EAST ALTON – Lewis and Clark Community College’s National Great Rivers Research and Education Center (NGRREC?) and the U.S. Army Corps of Engineers (USACE) would like to address the public regarding an invasive species that was recently detected in the Mississippi River floodplain: Emerald Ash Borer.

“Emerald Ash Borer is a forest pest found throughout the eastern U.S., but was recently detected in the Riverbend area on USACE Rivers Project property,” said USACE Biologist Brian Stoff, who will be presenting the seminar. “With green ash being one of the most abundant tree species in the Mississippi River floodplain, the USACE foresters and biologists are working to determine the best course of action.”

The USACE seminar on the Emerald Ash Borer will take place Tuesday, Aug. 20, at NGRREC’s Jerry F. Costello Confluence Field Station located at One Confluence Way in East Alton.

Doors will open at 6:30 p.m. for the public to visit with informational posters prior to the presentation. The presentation will begin at 7 p.m.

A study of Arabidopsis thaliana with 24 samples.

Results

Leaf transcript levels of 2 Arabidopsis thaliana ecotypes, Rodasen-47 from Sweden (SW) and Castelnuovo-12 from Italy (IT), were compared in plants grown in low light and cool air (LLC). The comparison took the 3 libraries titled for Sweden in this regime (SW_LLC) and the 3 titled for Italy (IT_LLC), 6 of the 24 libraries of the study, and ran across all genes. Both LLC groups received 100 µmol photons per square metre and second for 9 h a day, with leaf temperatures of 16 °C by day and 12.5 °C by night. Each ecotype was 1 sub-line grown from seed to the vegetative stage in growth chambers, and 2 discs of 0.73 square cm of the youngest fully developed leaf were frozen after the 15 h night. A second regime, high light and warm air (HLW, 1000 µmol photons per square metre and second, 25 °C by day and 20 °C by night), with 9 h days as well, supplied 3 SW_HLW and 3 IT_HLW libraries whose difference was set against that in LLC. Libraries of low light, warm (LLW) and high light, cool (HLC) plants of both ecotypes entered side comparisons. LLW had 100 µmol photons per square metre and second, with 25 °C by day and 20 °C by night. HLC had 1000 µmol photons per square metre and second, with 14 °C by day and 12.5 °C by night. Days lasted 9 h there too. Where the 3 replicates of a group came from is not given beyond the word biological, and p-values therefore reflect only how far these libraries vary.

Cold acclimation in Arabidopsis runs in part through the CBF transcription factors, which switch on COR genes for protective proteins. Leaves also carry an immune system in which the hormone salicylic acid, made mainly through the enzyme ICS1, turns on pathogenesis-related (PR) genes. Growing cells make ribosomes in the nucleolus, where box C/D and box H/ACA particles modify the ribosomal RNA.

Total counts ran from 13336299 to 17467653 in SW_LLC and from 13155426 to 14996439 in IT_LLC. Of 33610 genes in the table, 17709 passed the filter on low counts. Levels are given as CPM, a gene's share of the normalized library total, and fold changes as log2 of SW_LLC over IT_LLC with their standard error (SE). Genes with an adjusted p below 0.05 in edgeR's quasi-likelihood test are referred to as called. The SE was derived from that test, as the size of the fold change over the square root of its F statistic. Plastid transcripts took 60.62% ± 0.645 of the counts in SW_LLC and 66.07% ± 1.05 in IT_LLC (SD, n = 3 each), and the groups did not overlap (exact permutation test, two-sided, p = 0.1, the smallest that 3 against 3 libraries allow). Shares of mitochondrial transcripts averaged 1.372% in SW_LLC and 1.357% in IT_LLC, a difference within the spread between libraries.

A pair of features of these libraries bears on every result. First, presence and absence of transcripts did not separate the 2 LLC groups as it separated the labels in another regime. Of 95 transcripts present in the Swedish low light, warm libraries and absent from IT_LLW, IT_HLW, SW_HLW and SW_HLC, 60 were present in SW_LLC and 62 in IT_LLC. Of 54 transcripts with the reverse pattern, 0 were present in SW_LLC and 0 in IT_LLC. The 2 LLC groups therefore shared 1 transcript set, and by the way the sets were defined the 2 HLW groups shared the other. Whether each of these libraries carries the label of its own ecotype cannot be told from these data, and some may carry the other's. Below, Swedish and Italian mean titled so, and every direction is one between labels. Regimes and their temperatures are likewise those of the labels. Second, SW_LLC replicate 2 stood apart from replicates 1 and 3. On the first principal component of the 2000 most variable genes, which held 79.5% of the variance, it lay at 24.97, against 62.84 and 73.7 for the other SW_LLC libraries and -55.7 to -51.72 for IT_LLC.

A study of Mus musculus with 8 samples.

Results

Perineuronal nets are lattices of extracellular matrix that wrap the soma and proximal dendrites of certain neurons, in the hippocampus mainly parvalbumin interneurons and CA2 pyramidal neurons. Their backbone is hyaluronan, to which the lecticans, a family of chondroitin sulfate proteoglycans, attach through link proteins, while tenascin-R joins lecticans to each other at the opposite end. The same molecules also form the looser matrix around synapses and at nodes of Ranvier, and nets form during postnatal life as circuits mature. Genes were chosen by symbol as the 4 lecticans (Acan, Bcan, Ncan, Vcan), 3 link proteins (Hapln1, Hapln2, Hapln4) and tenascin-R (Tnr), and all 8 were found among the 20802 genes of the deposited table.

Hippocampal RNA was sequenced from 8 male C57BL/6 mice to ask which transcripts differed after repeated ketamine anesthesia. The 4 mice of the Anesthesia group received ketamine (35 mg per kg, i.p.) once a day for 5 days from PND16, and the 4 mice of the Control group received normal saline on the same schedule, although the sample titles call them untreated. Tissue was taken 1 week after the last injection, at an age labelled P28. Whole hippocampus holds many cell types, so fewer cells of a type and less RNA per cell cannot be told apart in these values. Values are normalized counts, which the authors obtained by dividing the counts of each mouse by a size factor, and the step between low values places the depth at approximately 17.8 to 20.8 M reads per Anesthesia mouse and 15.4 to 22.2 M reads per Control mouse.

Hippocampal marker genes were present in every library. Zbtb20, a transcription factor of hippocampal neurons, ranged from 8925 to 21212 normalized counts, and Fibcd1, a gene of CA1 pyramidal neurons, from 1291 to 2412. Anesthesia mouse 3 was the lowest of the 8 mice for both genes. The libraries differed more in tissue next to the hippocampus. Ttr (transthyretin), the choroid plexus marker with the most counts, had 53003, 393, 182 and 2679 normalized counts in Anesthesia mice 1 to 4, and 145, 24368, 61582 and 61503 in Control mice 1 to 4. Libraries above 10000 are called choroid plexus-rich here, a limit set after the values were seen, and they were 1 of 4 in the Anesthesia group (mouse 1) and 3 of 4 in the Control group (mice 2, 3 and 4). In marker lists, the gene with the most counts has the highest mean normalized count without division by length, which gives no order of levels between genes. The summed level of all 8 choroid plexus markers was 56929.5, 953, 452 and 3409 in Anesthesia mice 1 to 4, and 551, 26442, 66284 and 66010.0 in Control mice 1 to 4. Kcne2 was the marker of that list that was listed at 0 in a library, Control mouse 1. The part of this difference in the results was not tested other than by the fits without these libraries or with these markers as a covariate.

“NGRREC is proud to host our partners and to help give them a platform to reach the public with this timely and pertinent issue going on in our region,” Environmental Educator Allison Rhanor said. “This will be a great opportunity to learn about this new ecological threat and to ask any questions you might have.”

National Great Rivers Research and Education Center (NGRREC?)

Founded in 2002 as a collaborative partnership between the University of Illinois at Urbana-Champaign and Lewis and Clark Community College, NGRREC is dedicated to the study of great river systems and the communities that use them. The center aspires to be a leader in scholarly research, education, and outreach related to the interconnectedness of large rivers, their floodplains, watersheds, and their associated communities. To learn more about NGRREC, visit www.ngrrec.org.